Relationships-Call Time Can’t be Successful Without Them

Even in the best of times, the phrase “Call Time” causes many candidates and staff to cringe. I understand the aversion to making calls for money, whether or not you know the person. It can be intimidating, exhausting and uncomfortable, for those making the calls and sometimes even for those getting them.

However, we have so much work to do, to protect public health; fight for civil and social justice and racial and gender equity; and save our environment (to name a few). And with more than sixty percent of a finance plan typically coming from Call Time, a successful Call Time program is critical to getting the contributions and the support Democratic candidates need to effect change in those areas.


The 3-part Call Time Script…actually, I mean 4

Traditionally, an effective fundraising call has three key parts:


  1. Why you need the contribution
  2. When you need the contribution
  3. How much do you need


However for for a call to be successful, a connection must first develop between the caller and the person they’re speaking to. Too many calls jump right into the details instead of starting with open, friendly dialogue and learning what’s important to the person on the other end (and vice versa).


Here are some ideas for successful connection-building during contribution calls:


Ask how they’re doing. These days, when I ask people I don’t know or don’t know well how things are going, it starts something like “How are you?” I’m well, although I’ve never washed so many dishes (or done so many loads of laundry) in my life!” This begins a conversation many can relate to during our current pandemic. Maybe for you, it’s home schooling or all your Instacart online shopping. Whatever you say, be genuine without being overly personal. And remember, it’s highly likely, given our circumstances, the person you’re talking to is feeling some stress; you may be as well. Take the time to empathize, while listening and not interrupting.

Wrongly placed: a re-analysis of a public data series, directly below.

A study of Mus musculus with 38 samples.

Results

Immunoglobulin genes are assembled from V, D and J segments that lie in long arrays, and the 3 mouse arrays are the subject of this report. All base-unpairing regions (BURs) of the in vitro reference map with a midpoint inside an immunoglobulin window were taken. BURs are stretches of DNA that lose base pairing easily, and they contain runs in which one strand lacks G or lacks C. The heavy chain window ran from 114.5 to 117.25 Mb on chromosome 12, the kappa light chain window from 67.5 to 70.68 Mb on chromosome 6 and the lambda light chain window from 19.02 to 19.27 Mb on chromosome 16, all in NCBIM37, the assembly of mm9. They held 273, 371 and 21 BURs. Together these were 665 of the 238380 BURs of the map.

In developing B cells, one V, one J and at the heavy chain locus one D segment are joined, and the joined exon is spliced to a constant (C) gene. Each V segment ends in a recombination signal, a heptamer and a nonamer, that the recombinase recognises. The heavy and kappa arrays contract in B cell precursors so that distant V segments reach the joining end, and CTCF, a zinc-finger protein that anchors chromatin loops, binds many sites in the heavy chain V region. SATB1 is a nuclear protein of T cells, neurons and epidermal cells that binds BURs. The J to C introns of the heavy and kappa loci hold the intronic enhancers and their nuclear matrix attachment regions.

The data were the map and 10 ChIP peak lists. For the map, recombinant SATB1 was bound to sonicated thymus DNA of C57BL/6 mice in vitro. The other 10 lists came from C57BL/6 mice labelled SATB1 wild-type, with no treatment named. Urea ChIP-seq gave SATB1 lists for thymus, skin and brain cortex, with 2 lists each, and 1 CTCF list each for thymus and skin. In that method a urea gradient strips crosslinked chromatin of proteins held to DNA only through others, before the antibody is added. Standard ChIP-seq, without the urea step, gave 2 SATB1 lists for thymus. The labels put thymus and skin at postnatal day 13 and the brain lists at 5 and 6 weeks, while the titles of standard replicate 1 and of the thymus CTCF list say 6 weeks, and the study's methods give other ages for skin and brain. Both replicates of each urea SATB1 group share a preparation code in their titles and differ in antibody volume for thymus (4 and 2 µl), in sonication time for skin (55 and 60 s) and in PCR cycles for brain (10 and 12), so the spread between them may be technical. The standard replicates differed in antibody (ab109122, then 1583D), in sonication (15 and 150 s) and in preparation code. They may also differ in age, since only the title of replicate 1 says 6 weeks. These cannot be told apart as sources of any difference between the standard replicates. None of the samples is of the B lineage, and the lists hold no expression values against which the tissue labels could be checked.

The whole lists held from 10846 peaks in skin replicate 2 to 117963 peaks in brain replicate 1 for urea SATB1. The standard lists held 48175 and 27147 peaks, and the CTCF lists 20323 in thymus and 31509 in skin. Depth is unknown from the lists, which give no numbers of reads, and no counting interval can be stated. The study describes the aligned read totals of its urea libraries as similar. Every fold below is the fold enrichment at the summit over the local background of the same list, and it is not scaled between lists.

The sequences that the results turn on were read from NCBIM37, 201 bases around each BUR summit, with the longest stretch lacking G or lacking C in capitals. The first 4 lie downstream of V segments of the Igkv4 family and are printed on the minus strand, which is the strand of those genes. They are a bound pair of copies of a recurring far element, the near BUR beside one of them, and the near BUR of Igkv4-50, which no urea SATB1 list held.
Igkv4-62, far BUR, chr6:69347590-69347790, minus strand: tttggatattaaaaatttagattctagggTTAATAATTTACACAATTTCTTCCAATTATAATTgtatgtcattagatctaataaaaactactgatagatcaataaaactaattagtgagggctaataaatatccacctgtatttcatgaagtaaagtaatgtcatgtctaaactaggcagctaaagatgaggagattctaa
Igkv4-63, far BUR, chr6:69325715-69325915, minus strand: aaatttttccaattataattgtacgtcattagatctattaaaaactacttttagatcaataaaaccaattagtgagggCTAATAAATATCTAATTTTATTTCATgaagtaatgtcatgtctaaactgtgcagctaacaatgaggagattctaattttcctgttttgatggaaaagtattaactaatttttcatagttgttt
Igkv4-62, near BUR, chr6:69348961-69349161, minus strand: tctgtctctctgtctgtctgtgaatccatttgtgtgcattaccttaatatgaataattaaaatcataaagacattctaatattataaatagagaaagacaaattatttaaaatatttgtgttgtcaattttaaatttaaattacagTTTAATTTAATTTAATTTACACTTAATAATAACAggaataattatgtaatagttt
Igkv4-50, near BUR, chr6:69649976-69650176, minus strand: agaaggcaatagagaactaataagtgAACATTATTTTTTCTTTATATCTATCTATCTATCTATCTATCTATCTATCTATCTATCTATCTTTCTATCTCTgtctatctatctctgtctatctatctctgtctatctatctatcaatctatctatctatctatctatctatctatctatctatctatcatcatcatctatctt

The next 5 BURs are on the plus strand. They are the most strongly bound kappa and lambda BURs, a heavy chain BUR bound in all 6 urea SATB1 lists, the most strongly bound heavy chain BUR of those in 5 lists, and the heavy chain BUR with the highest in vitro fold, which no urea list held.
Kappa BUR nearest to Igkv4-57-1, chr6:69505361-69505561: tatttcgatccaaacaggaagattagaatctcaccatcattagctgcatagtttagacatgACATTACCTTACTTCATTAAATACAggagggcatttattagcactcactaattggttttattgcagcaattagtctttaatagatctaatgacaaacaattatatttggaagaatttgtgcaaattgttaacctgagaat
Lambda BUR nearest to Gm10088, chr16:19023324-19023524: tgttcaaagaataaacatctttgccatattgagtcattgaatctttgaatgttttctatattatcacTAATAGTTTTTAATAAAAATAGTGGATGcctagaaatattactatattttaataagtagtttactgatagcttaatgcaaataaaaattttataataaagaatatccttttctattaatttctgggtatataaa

Share a “secret” or two. Making a connection requires those making the calls to be a little vulnerable. There’s no need to reveal deep, dark secrets, just a nugget that provides insight into who you are. Maybe you have a personal connection to the opioid crisis or gun violence or intimate knowledge of the effect of institutional racism on neighborhoods.


Include your Why. Those who know me know Simon Sinek is one of my favorite leadership gurus. (If you’ve never watched his Ted Talk, it’s worth the 20 minutes.). You’ll connect better with the person you’re calling when they know your Why, e.g. the reason behind what you’re doing, like:  “I watched my parents struggle to feed a family of four. I’m running to help ensure everyone has a job that allows them to feed and house their family.”


A sample relationship-building Call Time Script:


Instead of saying “hi I’m Candidate X and I’m running for {insert elected position}. I wanted to introduce myself and earn your support,”  try something more along the lines of:


“Hi I’m Sandy Smith. How are you doing today?


“I’m a mom who’s lived in our neighborhood for 5 years. I’m also a community activist and I’m running for {insert office}. Watching my best friend suffer from cancer, I saw firsthand the gaps in her care. What I saw made me realize we need to work harder to improve our healthcare system. For far too long we’ve ignored XYZ and I want to work for change in that area, so people like her won’t suffer like that again. My opponent has opposed this issue that I care deeply about, and I realized rather than sit around complaining, I had to do something.”


Once you’ve made a connection by asking, listening, waiting, empathizing and discussing your Why, it’s easier to follow through with asking for a contribution, for example:  “I’m getting ready to do XYZ and I need to raise $XXXX, can I count on you to contribute $250 to my campaign before the end of the week?”


Your next steps


With no way around the dreaded Call Time, adding the crucial relationship-building component can change things for the better. It creates an authentic connection that allows those receiving the call to understand how the effects of running for office and making campaign contributions go far beyond the person running and the person donating.


It’s easier to ask for financial support when the individual feels they’re part of something bigger and their contribution will have a direct impact, like allowing the campaign to print and mail 500 flyers by a specific date.


Developing the right Call Time Script to meet the needs of your campaign and your constituency can be tough. Let’s talk. This is an area where we can help, through our virtual Call Time Script training and Call Time staffing.